Ultra-mobile Intel chip gets HyperThreading

Intel's Silverthorne CPU promises desktop performance in truly tiny devices.

Intel's upcoming Silverthorne ultra-mobile CPU will resurrect HyperThreading technology. Last seen on Pentium 4 Netburst chips, HyperThreading allows a single processor core to simultaneously process two software threads.

Intel also revealed that the new 45nm mobile processor will be based on a relatively simple "in-order" execution core. All of Intel's desktop and mobile processors have been "out-of-order" architectures since the launch of the Pentium Pro in 1995.

Silverthorne is part of Intel's new Menlow low power platform designed for use with ultra-mobile PCs (UMPCs) and mobile internet devices (MIDs). Due for release in the first half of 2008, Intel claims Silverthorne offers a revolutionary improvement in power consumption at the same time as being fully compatible with the instruction set used by the Core 2 desktop and laptop chips.

In other words, any application or operating system written for Intel's Core 2 processors will run on Silverthorne without the need for recompiling or tweaking.

A parsimonious little processor

The Silverthorne CPU is expected to reduce power consumption to the 0.5 to 2W range. The Ultra Low Voltage Core Solo laptop chip, the most power efficient processor Intel currently offers, is rated at 5W.

So, Silverthorne should be Intel's most efficient processor yet. But what about number crunching grunt? Speaking to Tech.co.uk, Intel CTO Justin Ratner said Silverthorne's performance will be "in the same range as our early Banias Centrino processor."

That's extremely impressive, if true. Banias, also known as the first Pentium M processor, is a pretty gutsy performer, even by today's standards. However, until Intel releases further details of the chip's architecture, it's hard to imagine quite how this feat has been pulled off.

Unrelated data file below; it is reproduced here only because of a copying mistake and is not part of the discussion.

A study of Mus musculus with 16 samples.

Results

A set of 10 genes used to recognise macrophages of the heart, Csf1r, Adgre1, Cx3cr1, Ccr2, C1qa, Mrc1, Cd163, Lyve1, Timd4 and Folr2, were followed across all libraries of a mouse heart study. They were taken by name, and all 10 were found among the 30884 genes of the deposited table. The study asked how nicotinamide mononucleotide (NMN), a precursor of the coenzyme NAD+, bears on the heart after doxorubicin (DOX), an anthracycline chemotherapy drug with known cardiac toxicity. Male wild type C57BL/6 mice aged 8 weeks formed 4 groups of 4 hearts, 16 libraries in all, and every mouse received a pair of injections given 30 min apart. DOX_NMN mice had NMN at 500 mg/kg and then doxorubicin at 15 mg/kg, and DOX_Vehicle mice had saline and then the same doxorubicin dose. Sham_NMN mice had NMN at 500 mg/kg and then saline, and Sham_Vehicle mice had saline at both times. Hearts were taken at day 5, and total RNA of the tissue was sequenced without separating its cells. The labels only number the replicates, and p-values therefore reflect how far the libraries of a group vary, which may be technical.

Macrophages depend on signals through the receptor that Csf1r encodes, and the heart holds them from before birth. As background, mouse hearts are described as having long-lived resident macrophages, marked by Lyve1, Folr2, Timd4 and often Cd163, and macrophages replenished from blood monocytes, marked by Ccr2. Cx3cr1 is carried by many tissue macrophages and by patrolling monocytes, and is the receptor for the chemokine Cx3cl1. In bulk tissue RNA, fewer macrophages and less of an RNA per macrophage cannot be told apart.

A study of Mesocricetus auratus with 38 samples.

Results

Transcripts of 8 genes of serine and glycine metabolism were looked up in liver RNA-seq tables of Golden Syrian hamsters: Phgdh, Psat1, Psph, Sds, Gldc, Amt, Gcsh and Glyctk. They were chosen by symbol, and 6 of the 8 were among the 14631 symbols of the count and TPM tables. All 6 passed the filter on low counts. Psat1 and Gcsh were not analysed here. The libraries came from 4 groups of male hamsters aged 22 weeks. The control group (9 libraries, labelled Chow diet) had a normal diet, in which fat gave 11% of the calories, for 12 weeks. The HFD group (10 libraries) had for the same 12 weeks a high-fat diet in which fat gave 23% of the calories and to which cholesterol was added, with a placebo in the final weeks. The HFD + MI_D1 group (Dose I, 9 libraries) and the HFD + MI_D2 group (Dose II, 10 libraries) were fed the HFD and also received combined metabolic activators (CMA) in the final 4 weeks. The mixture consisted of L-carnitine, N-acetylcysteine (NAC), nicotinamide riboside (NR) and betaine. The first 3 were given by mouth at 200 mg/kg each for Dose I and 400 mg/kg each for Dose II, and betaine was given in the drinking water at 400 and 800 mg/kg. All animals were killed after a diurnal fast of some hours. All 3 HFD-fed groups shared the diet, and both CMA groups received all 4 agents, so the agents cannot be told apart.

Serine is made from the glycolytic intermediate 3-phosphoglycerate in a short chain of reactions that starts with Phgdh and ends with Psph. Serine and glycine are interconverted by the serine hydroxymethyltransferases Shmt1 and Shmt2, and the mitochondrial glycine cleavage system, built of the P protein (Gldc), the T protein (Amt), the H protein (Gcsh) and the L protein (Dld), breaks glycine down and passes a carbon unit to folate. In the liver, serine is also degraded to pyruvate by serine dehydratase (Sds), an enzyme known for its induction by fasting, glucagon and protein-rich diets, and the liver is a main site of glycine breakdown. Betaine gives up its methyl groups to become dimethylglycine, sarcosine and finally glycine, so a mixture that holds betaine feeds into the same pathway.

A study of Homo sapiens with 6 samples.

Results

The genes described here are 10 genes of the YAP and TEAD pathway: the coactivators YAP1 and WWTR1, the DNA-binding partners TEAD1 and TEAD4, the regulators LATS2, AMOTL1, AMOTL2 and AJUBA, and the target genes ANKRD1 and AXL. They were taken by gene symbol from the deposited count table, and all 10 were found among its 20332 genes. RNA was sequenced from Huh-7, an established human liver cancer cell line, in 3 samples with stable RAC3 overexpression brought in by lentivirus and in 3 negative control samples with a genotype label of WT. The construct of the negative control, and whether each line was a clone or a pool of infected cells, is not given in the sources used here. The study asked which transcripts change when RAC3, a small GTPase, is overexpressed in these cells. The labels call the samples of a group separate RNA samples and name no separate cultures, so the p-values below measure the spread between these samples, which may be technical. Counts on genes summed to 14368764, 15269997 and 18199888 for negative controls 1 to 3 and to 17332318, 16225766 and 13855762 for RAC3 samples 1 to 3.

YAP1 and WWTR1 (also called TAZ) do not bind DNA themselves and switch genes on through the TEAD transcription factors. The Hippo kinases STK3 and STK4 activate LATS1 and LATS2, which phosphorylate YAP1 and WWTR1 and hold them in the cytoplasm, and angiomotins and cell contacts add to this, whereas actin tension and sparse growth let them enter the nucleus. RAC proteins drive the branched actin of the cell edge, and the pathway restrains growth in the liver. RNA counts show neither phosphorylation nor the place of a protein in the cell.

Out of order?

Here's the problem. There's a reason why Intel abandoned in-order processors back in the 90s. They tend to suffer from much more frequent stalls due to lack of data than more flexible out-of-order architectures. And more stalls means less work done per cycle and lower overall performance.

However, the advantage of in-order designs is reduced complexity and in turn lower power consumption. Handy for a mobile chip. Consequently, it's been possible to peg Silverthorne's transistor count at just 40 million. That's around 1/10th the number of Intel's 45nm dual-core desktop processors. Even the elderly Banias chip required 77 million transistors.

However, the performance short comings of Silverthorne's in-order design might explain why HyperThreading is making a comeback. Granted HyperThreading won't offer the same performance boost as a fully dual-core processor.

But the ability to switch software threads whenever a delay occurs might just offset the latency associated with in-order execution. It's an approach that Intel already uses for its Itanium enterprise CPUs, which are also in-order designs.

Whatever the case, Silverthorne is a seriously exciting new chip. We're certainly looking forward to see if it can deliver on the promise of desktop-class x86 in pocket-sized form factors and all-day battery life.